About 1,100 years ago in early medieval England, a teenage girl met a horrific end; her nose and lips were cut off with a sharp weapon, and she may have been scalped, according to a new analysis of her skull.
No one knows why the young woman's face was mutilated, but her injuries are consistent with punishments historically given to female offenders. If this woman's wounds were a punishment, then she is the earliest person on record in Anglo-Saxon England to receive the brutal punishment of facial disfiguration, researchers wrote in a new study, published online yesterday (Oct. 1) in the journal Antiquity.
"We can only speculate as to what happened in this instance, but the highly formalized nature of the woman's injuries suggest penalties for specific actions, such as sexual deviancy, or at least a perception of such," study lead researcher Garrard Cole, an honorary research fellow at the Institute of Archaeology at University College London, told Live Science in an email.
The skull was originally discovered in the 1960s, during excavations prior to the construction of a housing development in the village of Oakridge, in the southern county of Hampshire, England. However, scientists didn't analyze the skull at the time, and it's unclear whether the skeletal remains of the body were also buried there.
Instead, the skull was put in a collection curated by what is now the Hampshire Cultural Trust. Recently, the skull was rediscovered during an audit of that collection, and "the cranium was still covered with soil, indicating it had not been examined," said Cole, who decided to study it with his colleagues.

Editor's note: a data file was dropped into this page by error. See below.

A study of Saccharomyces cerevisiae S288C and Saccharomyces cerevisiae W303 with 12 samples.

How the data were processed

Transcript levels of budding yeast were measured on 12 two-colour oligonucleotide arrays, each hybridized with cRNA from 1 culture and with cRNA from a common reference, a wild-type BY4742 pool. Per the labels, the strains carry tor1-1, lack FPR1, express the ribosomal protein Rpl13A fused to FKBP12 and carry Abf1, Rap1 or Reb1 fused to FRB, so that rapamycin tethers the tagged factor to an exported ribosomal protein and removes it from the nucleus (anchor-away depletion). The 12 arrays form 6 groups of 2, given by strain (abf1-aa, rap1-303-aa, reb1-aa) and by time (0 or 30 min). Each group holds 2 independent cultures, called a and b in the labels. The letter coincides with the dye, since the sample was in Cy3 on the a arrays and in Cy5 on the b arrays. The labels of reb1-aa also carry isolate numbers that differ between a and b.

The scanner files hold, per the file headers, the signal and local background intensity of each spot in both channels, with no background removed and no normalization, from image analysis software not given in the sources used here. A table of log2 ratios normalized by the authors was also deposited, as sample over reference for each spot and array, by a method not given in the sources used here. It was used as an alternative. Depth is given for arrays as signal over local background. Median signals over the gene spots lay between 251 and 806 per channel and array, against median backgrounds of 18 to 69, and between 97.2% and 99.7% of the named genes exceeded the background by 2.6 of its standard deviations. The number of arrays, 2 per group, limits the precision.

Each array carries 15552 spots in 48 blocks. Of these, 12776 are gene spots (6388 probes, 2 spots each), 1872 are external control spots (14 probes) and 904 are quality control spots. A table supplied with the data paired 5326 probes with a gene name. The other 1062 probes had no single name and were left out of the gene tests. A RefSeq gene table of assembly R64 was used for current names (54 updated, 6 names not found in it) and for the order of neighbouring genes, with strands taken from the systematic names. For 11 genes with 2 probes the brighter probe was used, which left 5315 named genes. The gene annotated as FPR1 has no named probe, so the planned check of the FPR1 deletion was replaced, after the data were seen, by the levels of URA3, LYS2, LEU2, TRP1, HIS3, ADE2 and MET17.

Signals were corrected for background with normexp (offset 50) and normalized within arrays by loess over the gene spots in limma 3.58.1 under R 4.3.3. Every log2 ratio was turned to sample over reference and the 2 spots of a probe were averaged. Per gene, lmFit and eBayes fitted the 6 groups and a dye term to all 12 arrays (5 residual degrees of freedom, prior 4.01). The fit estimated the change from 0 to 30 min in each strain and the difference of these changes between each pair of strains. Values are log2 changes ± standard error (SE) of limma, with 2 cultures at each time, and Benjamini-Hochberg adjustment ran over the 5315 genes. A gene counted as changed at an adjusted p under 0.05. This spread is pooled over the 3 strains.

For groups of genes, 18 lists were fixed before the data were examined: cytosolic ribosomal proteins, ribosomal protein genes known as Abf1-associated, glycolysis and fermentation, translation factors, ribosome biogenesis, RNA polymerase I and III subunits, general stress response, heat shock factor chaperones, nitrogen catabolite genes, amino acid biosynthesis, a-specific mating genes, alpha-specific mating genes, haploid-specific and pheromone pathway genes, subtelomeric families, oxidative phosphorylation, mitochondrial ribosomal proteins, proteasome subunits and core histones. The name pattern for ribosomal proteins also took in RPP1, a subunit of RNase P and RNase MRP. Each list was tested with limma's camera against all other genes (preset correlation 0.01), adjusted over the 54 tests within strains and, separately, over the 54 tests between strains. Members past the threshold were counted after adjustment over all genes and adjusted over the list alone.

A few tests revealed clues about the individual: An anatomical analysis indicated the skull belonged to a 15- to 18-year-old; a DNA analysis showed the individual was female; radiocarbon dating suggested that the teenager lived sometime between A.D. 776 and 899; and an analysis of different isotopes, or versions, of elements from her teeth suggested that she didn't grow up in an area with chalk hills, meaning she wasn't born or raised in most of central and eastern southern England. (Elements from consumed water and food eventually end up in teeth.)
In essence, she may have been a teenage outsider.
The team also assessed the skull's wounds. The marks around the nose and mouth were severe. "There were at least two cuts through the bone marking the side of the nasal aperture and the bone between the nose and the upper front teeth," Cole said. "Both wounds seem to have been made by a sharp, thin-bladed weapon. In the Anglo-Saxon period [A.D. 410 to 1066], this is most likely to have been an iron knife. The other sharp-bladed weapon — the sword — would be too heavy and massive."
The researchers also noticed a shallow cut across the teenager's forehead, "which we interpreted as evidence for hair removal," Cole said. Usually, scalping leaves multiple cut marks, but it's possible that poor preservation of the skull over hundreds of years obliterated the other cut marks, he said.
The teenager likely didn't survive this traumatic event, as the edges of the wounds show no signs of healing, the researchers wrote in the study. Even if her lips and scalp had been left alone, "the injury to the individual's nose could have been sufficient to cause her death, as the wound would probably have damaged the network of arteries in the back of her nose," the researchers wrote. Once cut, these arteries would have gushed blood, and she may have choked to death, they wrote.
However, "facial mutilation for females, and its parallel castration for males, does seem to be a long-established, worldwide practice," Cole said. And while Anglo-Saxon rulers did later document this punishment into their formal law codes during the 10th century, this case happened before that.
"We now know the practice did happen, but have no idea of how frequently it was applied," Cole said.
Originally published on Live Science.